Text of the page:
Everyone has probably heard of the circadian rhythm, a 24-hour biological clock that helps regulate bodily processes. We typically talk about our circadian rhythms in terms of our sleep-wake cycle, but did you know it actually matches our productivity levels throughout the day too? To learn more about the neuroscience behind productivity and how to figure out when your peak levels are in the day, keep reading!
If you ever find yourself getting tired around the afternoon, one big explanation for it could be because of something in your brain called the suprachiasmatic nucleus, otherwise known as the circadian pacemaker. This is a bundle of nerves on your pituitary gland that controls the rise and fall of your hormones, body temperature and the chemicals that fire within your body. These typically reset every 24 hours and are the reason behind your high points and low points in the day.
High points are the periods of time for peak productivity while low points are when you feel like you can hardly concentrate on anything. The difference in energy between your highest peak focus and lowest point during the day is equivalent to three or four alcoholic drinks in one hour for the average person. No wonder you feel like you can’t get anything done during your low point in the day.
Each day we have a limited amount of time that our brain will focus (believe it or not, it’s less than four hours!) and because of this, it makes sense that there are three different peak times within the day. The peak times happen in two hour intervals and occur at different times within the day depending on what chronotype you are, or the specific circadian typology you have.
The three peak times are deep work, communication and creativity. Deep work is the period when your brain is best at strategic problem solving, logic and anything that requires a lot of attention. It’s what we typically think of as productivity and it’s the best time for processing ideas. The creativity peak is the opposite of deep work in which we want the brain to be strategically disengaged. This is our peak time in which we are not so critical of our thoughts in order for our ideas to flow in easily. Finally, the communication peak time is when you’re best able to articulate and express your thoughts. Here is when you would want to be having meetings, writing emails and putting your ideas into action.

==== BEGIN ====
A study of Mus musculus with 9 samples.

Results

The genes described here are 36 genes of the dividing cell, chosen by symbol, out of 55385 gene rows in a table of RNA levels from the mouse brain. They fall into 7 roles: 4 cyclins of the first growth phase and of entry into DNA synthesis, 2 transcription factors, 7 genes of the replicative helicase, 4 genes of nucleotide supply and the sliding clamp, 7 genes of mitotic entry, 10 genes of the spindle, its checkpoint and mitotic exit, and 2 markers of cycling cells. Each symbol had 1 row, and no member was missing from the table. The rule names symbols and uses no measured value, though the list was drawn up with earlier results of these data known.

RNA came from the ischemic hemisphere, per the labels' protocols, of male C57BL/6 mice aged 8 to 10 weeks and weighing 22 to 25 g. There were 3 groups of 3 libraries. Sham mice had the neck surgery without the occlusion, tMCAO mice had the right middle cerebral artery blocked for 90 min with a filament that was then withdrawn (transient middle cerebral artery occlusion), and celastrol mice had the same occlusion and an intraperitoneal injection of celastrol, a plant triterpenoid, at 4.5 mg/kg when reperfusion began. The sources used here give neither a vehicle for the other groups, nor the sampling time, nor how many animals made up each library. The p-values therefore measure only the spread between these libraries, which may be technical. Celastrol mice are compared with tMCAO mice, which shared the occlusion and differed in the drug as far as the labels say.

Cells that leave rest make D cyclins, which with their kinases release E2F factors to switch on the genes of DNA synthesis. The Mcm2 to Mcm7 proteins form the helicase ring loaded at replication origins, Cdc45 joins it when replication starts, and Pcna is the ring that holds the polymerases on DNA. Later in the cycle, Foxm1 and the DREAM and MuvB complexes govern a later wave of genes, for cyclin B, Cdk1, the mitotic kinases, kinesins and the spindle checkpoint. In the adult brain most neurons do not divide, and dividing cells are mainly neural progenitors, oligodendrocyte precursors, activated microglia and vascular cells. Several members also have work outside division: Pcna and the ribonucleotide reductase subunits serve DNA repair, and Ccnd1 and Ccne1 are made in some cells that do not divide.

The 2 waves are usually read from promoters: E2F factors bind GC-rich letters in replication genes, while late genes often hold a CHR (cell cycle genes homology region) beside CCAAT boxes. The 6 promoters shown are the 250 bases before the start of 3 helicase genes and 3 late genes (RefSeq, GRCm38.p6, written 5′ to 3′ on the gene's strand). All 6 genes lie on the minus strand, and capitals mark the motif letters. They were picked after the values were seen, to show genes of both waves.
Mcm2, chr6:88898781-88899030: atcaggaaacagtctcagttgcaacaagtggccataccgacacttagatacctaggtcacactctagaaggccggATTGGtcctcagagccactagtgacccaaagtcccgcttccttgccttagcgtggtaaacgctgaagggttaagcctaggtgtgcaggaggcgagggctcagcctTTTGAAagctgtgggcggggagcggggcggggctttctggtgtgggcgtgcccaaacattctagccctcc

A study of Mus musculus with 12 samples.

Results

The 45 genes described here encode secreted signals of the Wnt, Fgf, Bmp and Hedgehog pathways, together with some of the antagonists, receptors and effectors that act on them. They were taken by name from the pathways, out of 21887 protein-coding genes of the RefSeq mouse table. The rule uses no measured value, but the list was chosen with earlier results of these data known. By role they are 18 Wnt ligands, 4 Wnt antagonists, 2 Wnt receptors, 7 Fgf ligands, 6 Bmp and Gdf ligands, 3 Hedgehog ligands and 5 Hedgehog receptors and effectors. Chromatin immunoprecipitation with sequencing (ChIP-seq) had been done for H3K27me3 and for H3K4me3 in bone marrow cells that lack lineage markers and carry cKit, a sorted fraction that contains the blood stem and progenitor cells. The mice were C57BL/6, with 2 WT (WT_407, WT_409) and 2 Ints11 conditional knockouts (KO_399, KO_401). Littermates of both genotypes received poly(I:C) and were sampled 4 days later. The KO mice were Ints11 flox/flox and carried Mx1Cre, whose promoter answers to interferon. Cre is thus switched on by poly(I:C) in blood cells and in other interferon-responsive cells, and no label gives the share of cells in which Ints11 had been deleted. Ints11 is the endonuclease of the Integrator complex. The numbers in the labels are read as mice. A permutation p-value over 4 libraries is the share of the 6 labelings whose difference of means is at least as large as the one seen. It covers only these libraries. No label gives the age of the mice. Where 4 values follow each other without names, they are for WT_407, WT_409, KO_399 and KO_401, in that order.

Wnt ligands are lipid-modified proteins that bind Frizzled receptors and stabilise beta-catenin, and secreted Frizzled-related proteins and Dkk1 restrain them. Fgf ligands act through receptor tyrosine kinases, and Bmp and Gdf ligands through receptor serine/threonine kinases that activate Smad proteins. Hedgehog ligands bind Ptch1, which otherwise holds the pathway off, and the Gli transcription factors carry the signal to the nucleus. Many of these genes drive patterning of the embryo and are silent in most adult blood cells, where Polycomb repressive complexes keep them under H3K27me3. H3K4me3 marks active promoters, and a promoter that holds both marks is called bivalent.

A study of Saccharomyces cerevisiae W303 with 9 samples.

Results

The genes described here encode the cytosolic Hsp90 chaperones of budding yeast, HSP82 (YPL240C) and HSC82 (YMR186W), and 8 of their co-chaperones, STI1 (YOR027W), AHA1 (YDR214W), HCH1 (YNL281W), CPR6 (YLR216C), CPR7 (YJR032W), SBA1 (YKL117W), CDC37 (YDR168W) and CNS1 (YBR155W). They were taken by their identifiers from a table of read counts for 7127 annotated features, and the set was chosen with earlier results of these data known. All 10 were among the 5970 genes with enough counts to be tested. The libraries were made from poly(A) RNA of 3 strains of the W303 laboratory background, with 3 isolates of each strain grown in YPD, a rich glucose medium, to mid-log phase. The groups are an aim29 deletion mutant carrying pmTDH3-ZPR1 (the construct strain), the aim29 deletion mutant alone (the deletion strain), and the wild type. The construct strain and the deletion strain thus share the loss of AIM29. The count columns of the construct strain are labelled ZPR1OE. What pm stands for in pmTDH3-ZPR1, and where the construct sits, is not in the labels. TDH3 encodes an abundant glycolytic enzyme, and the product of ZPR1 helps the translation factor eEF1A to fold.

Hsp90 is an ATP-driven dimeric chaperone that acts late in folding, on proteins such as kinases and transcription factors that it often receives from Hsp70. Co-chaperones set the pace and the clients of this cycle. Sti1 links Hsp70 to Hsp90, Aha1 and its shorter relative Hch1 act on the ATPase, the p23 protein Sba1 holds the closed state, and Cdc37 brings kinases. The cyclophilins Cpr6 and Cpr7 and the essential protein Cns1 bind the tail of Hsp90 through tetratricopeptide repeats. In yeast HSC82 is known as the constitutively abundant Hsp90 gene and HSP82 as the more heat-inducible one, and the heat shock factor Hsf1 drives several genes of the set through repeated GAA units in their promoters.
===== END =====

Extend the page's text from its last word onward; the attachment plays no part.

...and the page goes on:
There are four different chronotypes that explain the differences between the timing of the peak moments in the day. Each person will fall into one of the four categories. These chronotypes are named Bear, Dolphin, Wolf and Lion after the animals that best represent their characteristics. 50 percent of your chronotype is determined by genetics while the other 50 percent is influenced by your age, gender and the hormones running through your body at whatever point in life you are in.
There are many quizzes available online you can take to find out which type you are such as the Ideal Day Formula Quiz I took from a TikTok user (@the.productivty.coach) that introduced me to this concept. Determining what your chronotype is will provide insight on what times in the day work best for your productivity. It can also help you be more mindful when your energy levels shift and help you figure out the best wake and sleep schedule. Figure out what chronotype you pair with best and use it to your advantage to take control over your day!